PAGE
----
Posted by Tom Foremski - May 19, 2011
LinkedIn [$LNKD] doubled in its opening of public trading from its offer price of $45 giving hope to many other tech IPOs waiting in the wings.
The number of tech IPOs over the past ten years has been a paltry number and that has stifled the innovation cycle of investment and liquidity.
Mike Smerklo, CEO ofServiceSource said: "The healthy investor appetite for cloud services and collaborative technologies has fueled a strong valuation for LinkedIn, which is continued validation that Silicon Valley and the technology sector remain a tremendous growth area for investors and the overall economy."
If LinkedIn can maintain its strong valuation of about $8 billion it will have the currency to make acquisitions and grow at an accelerated pace.
But it remains to be seen if investor enthusiasm for LinkedIn will transfer to less highly visible tech companies.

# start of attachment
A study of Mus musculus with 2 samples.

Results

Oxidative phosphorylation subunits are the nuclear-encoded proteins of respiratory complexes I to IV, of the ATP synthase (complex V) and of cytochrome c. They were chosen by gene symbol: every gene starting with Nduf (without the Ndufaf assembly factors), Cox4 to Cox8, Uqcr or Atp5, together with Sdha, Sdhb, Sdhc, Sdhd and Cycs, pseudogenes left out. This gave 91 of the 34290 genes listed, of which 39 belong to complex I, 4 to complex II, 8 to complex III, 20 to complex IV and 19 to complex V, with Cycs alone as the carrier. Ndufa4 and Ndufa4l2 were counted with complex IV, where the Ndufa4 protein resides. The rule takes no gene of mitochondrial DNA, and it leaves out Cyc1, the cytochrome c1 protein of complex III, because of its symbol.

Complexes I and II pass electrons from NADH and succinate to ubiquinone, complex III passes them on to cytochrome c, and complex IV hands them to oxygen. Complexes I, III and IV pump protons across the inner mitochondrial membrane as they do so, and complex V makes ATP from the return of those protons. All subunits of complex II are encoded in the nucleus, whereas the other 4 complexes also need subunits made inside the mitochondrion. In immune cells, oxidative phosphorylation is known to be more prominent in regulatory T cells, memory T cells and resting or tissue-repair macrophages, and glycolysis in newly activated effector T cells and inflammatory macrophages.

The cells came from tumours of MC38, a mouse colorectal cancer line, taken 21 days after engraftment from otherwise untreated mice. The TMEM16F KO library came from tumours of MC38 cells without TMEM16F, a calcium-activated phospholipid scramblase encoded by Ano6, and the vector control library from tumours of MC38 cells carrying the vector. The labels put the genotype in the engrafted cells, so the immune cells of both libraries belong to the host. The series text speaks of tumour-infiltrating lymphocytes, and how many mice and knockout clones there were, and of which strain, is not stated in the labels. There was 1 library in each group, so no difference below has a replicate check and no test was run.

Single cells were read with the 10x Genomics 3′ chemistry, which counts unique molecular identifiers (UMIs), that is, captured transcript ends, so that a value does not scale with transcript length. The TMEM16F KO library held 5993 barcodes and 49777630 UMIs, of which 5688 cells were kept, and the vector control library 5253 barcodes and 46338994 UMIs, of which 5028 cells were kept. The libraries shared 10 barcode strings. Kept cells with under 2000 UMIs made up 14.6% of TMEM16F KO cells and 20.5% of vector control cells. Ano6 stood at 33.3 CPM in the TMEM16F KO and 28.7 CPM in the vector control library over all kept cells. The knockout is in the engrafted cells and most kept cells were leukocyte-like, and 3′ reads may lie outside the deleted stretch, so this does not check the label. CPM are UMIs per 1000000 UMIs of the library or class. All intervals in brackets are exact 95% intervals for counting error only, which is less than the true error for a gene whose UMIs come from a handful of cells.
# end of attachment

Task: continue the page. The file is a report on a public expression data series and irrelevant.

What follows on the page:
Henry Blodget, a former star Wall Street analyst during the Internet boom years of the late 20th century, wrote that the high "pop" on the first day of trading showed that the underwriters had "screwed" LinkedIn and gave their institutional investors a large gift :
But that's not quite true. The founders and other insiders have to wait six months before they can sell their shares, who knows what the value of LinkedIn will be by then. And institutional investors tend to be long-term investors.
It's day traders and other speculators that drive up share prices and create volatility - which is something public companies try to avoid. Google, for example, keeps its share price high to discourage day traders and reduce volatility in its share price.